Malta is an archipelago, however only the three largest islands; Malta Island or Malta where we had spent all our time so far, Gozo, and Comino are inhabited (good news – they are pronounced phonetically). Other smaller islands make up the archipelago but are uninhabited, such as Filfla which we saw from the Tarxien temples. After a few days exploring Malta we headed to Gozo for the day. Why is it called Gozo? Because when you fly to Malta you goes over it.
We boarded an enormous Gozo Channel Line ferry for the twenty-five minute trip to Gozo. The first thing I noticed when we arrived is that the Gozo buses don’t have the lemon meringue pie colour scheme of Malta’s buses. They have the same white roof, but a wide stripe of cherry red separates it from the mauve body. Our first stop was the Ggantija (yep that’s a double g, pronounced gee-gan-tee-ya) temples. You’d think we’d have temple fatigue by now, but we still found them interesting. They are the oldest of the Maltese temples, more than 5500 years old they predate the wheel. Also interesting is the graffiti, carved into the stone in copperplate hand are names with da tes from the nineteenth century. A more recent addition reads ‘WHAM’, does it refer to the band or is it an abbreviation of West Ham? I guess we’ll never know.
We were starting to see scenery which looked vaguely familiar, probably because we’d seen it in a movie. A stack of movies were filmed in Malta including The League of Extraordinary Gentleman, The Count of Monte Christo, Gladiator, Alexander and Troy. Our next stop was a popular filming spot, the Azure Window, a natural stone arch similar to London arch on the Great Ocean Road in Victoria. Nearby is the Inland sea, a saltwater lagoon connected to the Mediterranean Sea via another natural arch and tunnel. The water is beautiful, turquoise and crystal clear and we spotted a few divers exploring and possibly ticking it off the list of Jacques Cousteau’s top ten dives. We spotted the occasional colourful fishing boat, with the eye of Osiris painted on the prow, the Phoenician god of protection against evil. Also nearby is Fungus Rock, where those ever busy Knights of St John discovered the Malta Fungus, a repulsive smelling plant which they believed to have medicinal properties and used for dressing wound and treating dysentery. They so prized this fungus that they decreed the rock out of bounds, posted a permanent guard there, and gave the fungus as a gift to distinguished visitors to Malta. It was later found to have no medicinal properties whatsoever, sounds a bit like the acai berry.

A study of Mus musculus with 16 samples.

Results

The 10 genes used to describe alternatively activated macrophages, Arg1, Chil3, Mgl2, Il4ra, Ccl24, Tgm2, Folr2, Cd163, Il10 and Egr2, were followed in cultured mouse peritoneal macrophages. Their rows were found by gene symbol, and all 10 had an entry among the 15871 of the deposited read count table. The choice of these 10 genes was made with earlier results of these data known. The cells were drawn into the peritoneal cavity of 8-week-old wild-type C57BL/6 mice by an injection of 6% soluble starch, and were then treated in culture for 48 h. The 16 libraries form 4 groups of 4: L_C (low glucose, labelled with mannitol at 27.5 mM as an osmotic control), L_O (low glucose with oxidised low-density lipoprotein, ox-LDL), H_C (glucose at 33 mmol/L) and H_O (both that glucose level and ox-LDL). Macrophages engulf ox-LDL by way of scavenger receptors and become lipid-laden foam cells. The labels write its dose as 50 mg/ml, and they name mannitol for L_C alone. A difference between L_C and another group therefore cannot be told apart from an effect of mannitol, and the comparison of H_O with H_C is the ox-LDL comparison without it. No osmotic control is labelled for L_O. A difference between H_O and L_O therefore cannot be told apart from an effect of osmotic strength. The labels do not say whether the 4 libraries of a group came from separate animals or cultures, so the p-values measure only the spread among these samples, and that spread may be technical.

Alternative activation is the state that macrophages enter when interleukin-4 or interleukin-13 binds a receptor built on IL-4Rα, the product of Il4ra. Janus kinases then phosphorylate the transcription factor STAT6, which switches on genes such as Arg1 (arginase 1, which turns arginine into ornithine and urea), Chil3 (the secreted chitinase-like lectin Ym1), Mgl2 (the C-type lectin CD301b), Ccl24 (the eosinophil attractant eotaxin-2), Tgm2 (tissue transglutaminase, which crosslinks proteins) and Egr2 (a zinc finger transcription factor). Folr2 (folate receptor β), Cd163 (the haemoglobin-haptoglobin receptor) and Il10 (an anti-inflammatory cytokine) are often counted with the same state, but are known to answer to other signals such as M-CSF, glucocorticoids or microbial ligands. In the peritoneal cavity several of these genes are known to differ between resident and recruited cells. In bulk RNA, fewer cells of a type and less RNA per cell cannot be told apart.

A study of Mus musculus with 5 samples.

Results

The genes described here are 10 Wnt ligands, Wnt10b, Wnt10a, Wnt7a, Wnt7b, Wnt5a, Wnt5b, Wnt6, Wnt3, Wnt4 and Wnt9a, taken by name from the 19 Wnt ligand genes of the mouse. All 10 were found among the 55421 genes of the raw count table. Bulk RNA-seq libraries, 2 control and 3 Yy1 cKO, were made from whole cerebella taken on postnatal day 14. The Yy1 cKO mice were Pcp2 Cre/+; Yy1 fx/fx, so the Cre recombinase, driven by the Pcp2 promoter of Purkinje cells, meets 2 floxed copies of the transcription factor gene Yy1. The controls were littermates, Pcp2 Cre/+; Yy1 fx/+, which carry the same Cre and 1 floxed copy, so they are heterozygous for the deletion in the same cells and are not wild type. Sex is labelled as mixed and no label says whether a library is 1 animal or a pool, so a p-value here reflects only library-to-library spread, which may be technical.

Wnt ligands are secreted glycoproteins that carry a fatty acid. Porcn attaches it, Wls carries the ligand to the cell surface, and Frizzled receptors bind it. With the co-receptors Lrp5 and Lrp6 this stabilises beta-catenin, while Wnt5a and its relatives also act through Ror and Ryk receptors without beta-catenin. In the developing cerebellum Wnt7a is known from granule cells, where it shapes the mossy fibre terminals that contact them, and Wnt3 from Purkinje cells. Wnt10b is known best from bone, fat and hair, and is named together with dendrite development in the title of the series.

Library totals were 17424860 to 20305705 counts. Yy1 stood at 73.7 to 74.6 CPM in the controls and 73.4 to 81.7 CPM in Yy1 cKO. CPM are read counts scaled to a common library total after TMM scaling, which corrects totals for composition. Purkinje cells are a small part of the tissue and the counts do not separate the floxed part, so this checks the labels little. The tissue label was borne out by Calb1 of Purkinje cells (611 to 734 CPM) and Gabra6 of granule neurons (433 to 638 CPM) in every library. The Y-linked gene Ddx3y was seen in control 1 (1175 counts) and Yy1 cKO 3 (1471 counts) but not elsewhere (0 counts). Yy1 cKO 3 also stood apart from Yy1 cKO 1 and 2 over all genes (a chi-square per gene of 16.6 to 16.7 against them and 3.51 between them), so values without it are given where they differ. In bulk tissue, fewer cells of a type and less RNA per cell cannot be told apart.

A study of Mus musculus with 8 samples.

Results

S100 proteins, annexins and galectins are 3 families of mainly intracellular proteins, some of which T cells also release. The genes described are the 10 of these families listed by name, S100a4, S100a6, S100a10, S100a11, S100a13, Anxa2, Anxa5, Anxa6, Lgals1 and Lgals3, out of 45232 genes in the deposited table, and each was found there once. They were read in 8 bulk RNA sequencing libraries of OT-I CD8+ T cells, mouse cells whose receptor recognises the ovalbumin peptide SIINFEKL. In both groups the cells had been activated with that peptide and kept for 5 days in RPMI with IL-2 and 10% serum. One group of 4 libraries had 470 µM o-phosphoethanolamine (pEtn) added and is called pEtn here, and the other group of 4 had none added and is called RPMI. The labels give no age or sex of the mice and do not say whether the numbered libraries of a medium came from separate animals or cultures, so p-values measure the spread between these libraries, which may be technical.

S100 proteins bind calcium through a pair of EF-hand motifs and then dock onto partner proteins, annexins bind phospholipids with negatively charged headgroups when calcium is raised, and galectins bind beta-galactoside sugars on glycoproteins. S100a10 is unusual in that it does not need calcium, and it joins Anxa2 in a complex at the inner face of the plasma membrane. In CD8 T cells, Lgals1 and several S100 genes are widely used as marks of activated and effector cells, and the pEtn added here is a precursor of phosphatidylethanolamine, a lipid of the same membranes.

We tried Lampuki, a local fish for lunch. It was in season and in a tomato and olive sauce – yum.
We spent the afternoon in the town of Rabat/Victoria (it goes by both names) which contains a Cittadella high over the town. The Citadella was fortified in 1500BC, but re-fortified by the Knights of St John around 1600, (did they ever sleep?) Within the walls is a beautiful cathedral, the flat ceiling has been skilfully painted to appear domed – well that’s what the guide said – it looked domed to me. Again, lots of gold and many elaborate chandeliers. The cathedral museum had a horse-drawn carriage used by the Cardinals; inside it was like a plush armchair with pockets sewn into the walls. The museum also exhibited a Cardinals travelling kit – silver plates, chalices and crucifixes in a custom made travel case. Just the thing for the Cardinal on the go.
On the way home our bus driver negotiated hairpin bends with one hand on the wheel and the other holding a mobile phone to his ear. I was relieved when we got caught behind a truck which, by the look of the fluffy tails, was carrying a load of caged rabbits.
“’Look Nato, rabbits going to the pet shop”
“More likely the butcher,” replied Nato. “Remember I had rabbit stew for dinner the other night?”
Just like that, my appetite was gone.